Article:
Wednesday, 25 April 2012

Higher Learning and Higher Gaming

When I was in school we didn't have no fancy fangled game journalism courses ... which is a shame because I'd have totally taken some if we had.

This entry will probably be on the short side, but is something that I'm very curious about and also happy to see.

This posting via Game Politics reveals that the University of Iowa is offering some video game based courses soon, the meat of the information is as follows:

"Students who enroll in a new video game-based narrative writing course at the University of Iowa beginning in the fall will get a chance to explore worlds, characters and plotlines popularized by video games. They'll also get credits. The course is called "Specialized Reporting & Writing, Video Games & Communication," and is a step by the university to add video games into the curriculum, though video-game education experts say that analyzing off-the-shelf commercial games isn't the typical approach taken by universities."

Although it's unlikely that I'll ever personally reap the benefits of such a thing this development has me very excited for a multitude of reasons: first and foremost it shows that video gaming as a social and cultural standpoint is coming along quite nicely. I wouldn't find it hard to believe that a university would have laughed the idea for a course like this under the table just ten years ago, perhaps even less. Now though talking about video games is seen as something you can make a career out of, and something that needs to be addressed in terms of offering education for it.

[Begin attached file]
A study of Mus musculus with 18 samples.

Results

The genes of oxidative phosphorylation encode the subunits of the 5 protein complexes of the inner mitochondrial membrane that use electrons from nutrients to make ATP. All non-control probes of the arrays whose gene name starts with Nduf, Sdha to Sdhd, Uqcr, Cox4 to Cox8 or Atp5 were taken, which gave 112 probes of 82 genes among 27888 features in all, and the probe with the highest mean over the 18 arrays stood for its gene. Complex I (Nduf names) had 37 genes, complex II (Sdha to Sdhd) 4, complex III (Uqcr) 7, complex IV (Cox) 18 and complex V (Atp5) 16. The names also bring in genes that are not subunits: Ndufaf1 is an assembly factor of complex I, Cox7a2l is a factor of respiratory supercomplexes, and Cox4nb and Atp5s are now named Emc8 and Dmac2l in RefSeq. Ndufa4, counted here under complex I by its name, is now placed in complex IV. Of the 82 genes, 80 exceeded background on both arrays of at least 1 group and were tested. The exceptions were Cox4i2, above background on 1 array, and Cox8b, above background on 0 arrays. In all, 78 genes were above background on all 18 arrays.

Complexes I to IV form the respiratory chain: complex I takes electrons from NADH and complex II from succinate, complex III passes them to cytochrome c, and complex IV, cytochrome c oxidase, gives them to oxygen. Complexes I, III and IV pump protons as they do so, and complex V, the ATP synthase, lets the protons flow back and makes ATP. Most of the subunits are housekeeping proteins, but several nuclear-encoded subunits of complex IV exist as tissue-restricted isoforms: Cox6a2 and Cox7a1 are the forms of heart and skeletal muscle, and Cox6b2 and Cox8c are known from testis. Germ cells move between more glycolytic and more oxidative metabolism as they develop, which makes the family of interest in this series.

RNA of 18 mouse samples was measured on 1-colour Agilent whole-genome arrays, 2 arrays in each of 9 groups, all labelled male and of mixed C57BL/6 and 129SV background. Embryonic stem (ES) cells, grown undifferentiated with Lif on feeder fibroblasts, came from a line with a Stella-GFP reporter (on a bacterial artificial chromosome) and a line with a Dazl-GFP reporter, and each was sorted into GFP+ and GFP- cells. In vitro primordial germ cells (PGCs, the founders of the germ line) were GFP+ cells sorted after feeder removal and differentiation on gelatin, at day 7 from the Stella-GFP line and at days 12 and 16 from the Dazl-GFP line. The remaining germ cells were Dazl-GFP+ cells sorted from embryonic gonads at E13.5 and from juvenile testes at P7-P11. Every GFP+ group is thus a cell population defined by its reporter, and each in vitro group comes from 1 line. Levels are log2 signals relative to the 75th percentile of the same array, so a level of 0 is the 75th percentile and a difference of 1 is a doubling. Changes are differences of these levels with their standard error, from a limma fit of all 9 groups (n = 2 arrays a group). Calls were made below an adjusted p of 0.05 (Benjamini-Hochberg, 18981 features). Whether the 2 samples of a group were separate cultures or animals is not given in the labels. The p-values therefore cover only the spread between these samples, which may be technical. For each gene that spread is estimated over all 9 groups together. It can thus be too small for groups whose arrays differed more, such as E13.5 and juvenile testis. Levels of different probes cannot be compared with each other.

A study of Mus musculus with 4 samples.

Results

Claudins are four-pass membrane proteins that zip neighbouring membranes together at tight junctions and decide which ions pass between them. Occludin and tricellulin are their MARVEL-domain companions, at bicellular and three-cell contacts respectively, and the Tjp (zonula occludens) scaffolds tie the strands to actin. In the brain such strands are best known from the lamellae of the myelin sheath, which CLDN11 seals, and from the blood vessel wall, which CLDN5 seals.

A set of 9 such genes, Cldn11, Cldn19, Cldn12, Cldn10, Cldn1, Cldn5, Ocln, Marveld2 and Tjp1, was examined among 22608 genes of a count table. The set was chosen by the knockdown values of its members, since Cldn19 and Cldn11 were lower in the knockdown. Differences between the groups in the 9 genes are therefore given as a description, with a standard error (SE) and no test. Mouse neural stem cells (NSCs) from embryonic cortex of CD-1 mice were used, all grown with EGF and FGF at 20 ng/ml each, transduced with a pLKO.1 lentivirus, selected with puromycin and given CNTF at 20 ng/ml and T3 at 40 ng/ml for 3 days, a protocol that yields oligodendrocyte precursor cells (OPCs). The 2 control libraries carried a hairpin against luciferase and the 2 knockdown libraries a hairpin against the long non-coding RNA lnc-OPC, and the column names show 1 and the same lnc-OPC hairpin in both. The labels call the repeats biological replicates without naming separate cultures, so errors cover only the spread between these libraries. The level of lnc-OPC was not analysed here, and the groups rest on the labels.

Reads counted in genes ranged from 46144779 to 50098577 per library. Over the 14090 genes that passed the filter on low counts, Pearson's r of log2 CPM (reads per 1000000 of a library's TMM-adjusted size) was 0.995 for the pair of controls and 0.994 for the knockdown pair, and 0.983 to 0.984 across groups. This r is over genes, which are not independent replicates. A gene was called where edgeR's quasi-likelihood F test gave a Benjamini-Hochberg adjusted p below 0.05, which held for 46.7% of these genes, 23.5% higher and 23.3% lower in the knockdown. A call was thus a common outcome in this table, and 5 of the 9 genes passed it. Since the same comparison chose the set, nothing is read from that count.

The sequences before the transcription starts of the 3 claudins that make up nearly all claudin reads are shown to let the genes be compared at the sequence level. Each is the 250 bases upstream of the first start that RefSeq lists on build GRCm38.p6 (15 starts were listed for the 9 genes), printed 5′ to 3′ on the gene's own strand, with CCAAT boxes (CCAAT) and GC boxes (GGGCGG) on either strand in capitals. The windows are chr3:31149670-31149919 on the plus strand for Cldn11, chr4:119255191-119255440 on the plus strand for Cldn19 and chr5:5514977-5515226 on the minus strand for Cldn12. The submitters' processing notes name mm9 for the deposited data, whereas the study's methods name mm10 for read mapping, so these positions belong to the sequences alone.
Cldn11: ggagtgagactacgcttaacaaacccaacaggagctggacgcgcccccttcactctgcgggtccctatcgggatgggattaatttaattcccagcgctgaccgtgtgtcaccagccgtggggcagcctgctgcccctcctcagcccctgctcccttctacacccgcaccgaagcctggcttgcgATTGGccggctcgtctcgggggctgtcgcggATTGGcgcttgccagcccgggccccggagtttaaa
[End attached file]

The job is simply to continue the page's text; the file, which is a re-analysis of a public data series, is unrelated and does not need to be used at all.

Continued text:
This brings me to my second point. When I began this blog I talked a little about how it's probably incredibly difficult to be a gaming journalist. Sure, you get to play games for a living, but there's so much more to it than that including looming deadlines, being able to gain and strengthen interpersonal relationships with people in the industry, learning how to say what needs to be said while trimming the fat. Having degrees based in English and especially Journalism are incredibly helpful tools, but of course until this point there hasn't really been a place for refinement and focus on what getting into the field would actually mean. This is a much needed first step in the right direction.

Video game schools aren't new, Digipen which offers things like Bachelor of Arts or Science in Game Design has been around for quite some time and been one of the best places to begin a foothold if you want a career creating games. When it comes to the related fields though there's been hide nor hair of much academic involvement until now (I may be wrong, feel free to send me examples if I am). So it just feels good that in the future you may be able to say "I want to be a gaming journalist" and then totally go to school for that reason and get a degree in it. Badass.

1 comment:

  1. Where I went Northwestern State University(NSU) in Louisiana they had started a game programming class during the summer term. No idea how involved it was as I didn't take it, but it was taught by the head of the programming department.